The “devastating” Wall Street Journal exposé on Obama’s connection to William Ayers, the leftist professor and former domestic terrorist, has finally dropped. Its allegations are – how to put this gently? – less than impressive (emphases mine):
From 1995 to 1999, he [Ayers] led an education foundation called the Chicago Annenberg Challenge (CAC), and remained on the board until 2001. The group poured more than $100 million into the hands of community organizers and radical education activists.
The CAC was the brainchild of Bill Ayers, a founder of the Weather Underground in the 1960s. Among other feats, Mr. Ayers and his cohorts bombed the Pentagon, and he has never expressed regret for his actions. Barack Obama’s first run for the Illinois State Senate was launched at a 1995 gathering at Mr. Ayers’s home.
Some additional context is instructive. According to the Politico, “Obama did hold a 1995 campaign event at Ayers’ house. It was not, however, a fundraiser, and Ayers did not contribute money to Obama’s first campaign, according to Illinois records.”
But wait, there’s more! Ayers may (or may not) have been involved in recruiting Obama for a position on the board of his educational foundation. Perhaps Ayers had a nose for identifying radical tendencies at an early age?
One unsettled question is how Mr. Obama, a former community organizer fresh out of law school, could vault to the top of a new foundation? In response to my questions, the Obama campaign issued a statement saying that Mr. Ayers had nothing to do with Obama’s “recruitment” to the board. The statement says Deborah Leff and Patricia Albjerg Graham (presidents of other foundations) recruited him. Yet the archives show that, along with Ms. Leff and Ms. Graham, Mr. Ayers was one of a working group of five who assembled the initial board in 1994. Mr. Ayers founded CAC and was its guiding spirit. No one would have been appointed the CAC chairman without his approval.
Of course, the article later concedes that Ayers only met with the board six times, but radicalization through osmosis is (evidently) a rapid process. Ayers’ foundation also had some wacky ideas about education:
Mr. Ayers is the founder of the “small schools” movement (heavily funded by CAC), in which individual schools built around specific political themes push students to “confront issues of inequity, war, and violence.” He believes teacher education programs should serve as “sites of resistance” to an oppressive system. (His teacher-training programs were also CAC funded.) The point, says Mr. Ayers in his “Teaching Toward Freedom,” is to “teach against oppression,” against America’s history of evil and racism, thereby forcing social transformation.
The Obama campaign has cried foul when Bill Ayers comes up, claiming “guilt by association.” Yet the issue here isn’t guilt by association; it’s guilt by participation. As CAC chairman, Mr. Obama was lending moral and financial support to Mr. Ayers and his radical circle. That is a story even if Mr. Ayers had never planted a single bomb 40 years ago.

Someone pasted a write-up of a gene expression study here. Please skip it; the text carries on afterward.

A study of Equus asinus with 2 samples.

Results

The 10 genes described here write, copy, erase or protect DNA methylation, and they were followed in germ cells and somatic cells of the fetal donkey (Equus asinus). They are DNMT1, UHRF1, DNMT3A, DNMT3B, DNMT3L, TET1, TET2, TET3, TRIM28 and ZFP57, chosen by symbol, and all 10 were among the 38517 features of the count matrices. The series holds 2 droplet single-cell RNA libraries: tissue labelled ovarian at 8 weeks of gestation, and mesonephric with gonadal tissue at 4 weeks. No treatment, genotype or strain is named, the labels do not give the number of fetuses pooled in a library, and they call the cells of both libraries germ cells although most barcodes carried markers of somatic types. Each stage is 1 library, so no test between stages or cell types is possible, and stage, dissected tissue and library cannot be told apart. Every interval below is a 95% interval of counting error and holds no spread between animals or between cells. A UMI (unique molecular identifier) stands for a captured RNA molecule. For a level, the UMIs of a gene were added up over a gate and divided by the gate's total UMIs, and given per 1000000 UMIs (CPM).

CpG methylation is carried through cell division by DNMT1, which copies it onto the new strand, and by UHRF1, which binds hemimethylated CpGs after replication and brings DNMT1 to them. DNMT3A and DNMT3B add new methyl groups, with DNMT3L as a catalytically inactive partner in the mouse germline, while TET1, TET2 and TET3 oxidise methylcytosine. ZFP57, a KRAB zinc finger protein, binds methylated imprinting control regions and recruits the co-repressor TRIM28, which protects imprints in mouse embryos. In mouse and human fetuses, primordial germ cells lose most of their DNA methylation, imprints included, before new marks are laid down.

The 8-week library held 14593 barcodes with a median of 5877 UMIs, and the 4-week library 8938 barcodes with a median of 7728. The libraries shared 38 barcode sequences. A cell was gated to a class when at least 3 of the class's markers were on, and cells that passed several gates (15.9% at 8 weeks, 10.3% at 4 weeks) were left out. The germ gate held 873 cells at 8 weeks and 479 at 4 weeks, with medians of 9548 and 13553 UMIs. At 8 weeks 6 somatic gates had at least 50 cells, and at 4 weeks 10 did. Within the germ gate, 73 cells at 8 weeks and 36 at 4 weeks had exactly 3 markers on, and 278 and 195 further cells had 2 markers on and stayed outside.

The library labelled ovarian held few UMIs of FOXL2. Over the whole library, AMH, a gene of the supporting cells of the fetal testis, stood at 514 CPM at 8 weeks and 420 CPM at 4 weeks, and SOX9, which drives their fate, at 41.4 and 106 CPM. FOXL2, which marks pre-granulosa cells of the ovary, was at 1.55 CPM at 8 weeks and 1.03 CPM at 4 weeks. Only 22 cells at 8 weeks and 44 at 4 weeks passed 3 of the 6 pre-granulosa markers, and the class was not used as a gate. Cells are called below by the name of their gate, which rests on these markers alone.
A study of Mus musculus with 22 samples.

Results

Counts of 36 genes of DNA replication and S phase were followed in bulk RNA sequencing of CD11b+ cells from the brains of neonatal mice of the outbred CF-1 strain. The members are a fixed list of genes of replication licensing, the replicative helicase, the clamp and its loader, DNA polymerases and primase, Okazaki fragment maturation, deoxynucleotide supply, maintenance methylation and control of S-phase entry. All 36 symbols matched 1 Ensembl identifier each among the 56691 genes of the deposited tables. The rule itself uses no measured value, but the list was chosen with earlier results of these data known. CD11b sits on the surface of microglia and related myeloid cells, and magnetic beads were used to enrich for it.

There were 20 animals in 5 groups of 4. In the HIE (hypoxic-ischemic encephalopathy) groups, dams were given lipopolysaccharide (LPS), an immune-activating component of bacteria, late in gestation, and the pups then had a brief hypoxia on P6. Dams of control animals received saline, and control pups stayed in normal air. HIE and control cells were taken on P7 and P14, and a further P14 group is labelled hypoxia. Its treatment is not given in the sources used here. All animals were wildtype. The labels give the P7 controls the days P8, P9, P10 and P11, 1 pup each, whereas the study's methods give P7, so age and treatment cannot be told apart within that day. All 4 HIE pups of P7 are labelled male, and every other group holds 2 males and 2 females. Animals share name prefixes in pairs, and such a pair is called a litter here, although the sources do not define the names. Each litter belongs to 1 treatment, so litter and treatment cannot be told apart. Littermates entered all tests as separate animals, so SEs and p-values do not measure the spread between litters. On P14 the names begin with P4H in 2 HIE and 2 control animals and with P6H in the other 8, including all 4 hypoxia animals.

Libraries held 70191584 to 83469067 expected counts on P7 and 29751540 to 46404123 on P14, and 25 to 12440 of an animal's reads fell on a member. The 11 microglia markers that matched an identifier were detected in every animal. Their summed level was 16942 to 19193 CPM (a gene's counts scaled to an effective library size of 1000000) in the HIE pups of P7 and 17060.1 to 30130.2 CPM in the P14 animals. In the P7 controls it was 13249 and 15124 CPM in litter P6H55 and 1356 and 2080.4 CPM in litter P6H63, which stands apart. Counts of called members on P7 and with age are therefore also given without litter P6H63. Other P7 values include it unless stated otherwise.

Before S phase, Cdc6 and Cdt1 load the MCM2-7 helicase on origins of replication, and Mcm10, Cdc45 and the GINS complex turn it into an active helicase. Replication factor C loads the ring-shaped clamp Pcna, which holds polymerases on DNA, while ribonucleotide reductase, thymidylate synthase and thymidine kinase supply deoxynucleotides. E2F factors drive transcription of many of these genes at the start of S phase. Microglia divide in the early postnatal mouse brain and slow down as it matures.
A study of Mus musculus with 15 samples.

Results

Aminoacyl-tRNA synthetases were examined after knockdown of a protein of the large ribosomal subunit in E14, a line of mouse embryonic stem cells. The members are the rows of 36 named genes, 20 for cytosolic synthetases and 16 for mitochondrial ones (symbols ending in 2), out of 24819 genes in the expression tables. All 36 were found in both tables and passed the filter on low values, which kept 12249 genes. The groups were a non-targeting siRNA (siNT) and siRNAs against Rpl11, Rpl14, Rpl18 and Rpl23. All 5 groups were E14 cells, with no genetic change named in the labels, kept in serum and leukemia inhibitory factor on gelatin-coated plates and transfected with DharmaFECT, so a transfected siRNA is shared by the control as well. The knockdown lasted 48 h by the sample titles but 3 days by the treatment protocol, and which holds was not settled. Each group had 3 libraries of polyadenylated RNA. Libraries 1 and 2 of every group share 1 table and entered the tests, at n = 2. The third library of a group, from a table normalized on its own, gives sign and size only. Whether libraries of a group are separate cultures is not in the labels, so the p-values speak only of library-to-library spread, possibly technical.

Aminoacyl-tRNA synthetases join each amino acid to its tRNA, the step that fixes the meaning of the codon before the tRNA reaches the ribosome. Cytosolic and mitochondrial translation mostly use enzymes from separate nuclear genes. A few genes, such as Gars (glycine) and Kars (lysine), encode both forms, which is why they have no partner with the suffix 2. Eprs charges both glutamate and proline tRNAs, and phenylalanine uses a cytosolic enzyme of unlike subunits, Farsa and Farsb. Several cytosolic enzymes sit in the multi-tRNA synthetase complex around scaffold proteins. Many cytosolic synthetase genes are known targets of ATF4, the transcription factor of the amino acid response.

In light of this astonishing disclosure, my question is this: What, if anything, is the relevance of Obama’s extremely tenuous connection to Ayers? Is he planning to implement Ayers’ educational reforms once he takes office? His website left out the section on “teach against oppression,” but I suppose Obama wouldn’t want to advertise his radical program for indoctrinating America’s youth.
Would a politician as consummately skilled as Obama risk hard-earned political capital on an educational program he was only tangentially involved with? Of course not. Does the fact that Obama may have changed his views on education since the early 90s disqualify him for the presidency? If so, McCain should look to his own schizophrenic record on any number of issues.
The Journal article isn’t interested in challenging Obama’s stance on elementary education. The author doesn’t imply that Obama secretly favors domestic terrorism of the type once perpetrated by Ayers, his “mentor.” Instead, the goal of all this is to contribute to the electorate’s vague sense of cultural unease about Obama’s candidacy. McCain’s record of questionable associations certainly isn’t lacking, but bandying about words like “radicalism,” “oppression,” and “terrorism” does more than question Obama’s personal judgment. Deep down, Obama isn’t like us, isn’t one of us, and his ties to over-the-hill radicals do more to reinforce this narrative than a thousand attacks on his policy positions.
What’s worse, Republicans have evidently decided that this vague appeal to cultural distrust is their only plausible electoral strategy. Poll after poll has demonstrated Democrats’ immense advantage on nearly every major issue. But instead of challenging this dominance, Republicans have fallen back on vapid slogans (“Drill, baby, drill!”), procedural issues that no one outside Washington could describe, much less vote on (Earmarks), and a jingoistic approach to foreign affairs that holds “diplomacy” as the ultimate insult.
After wading through this nonsense, I’m not sure Republicans deserve to win the presidency.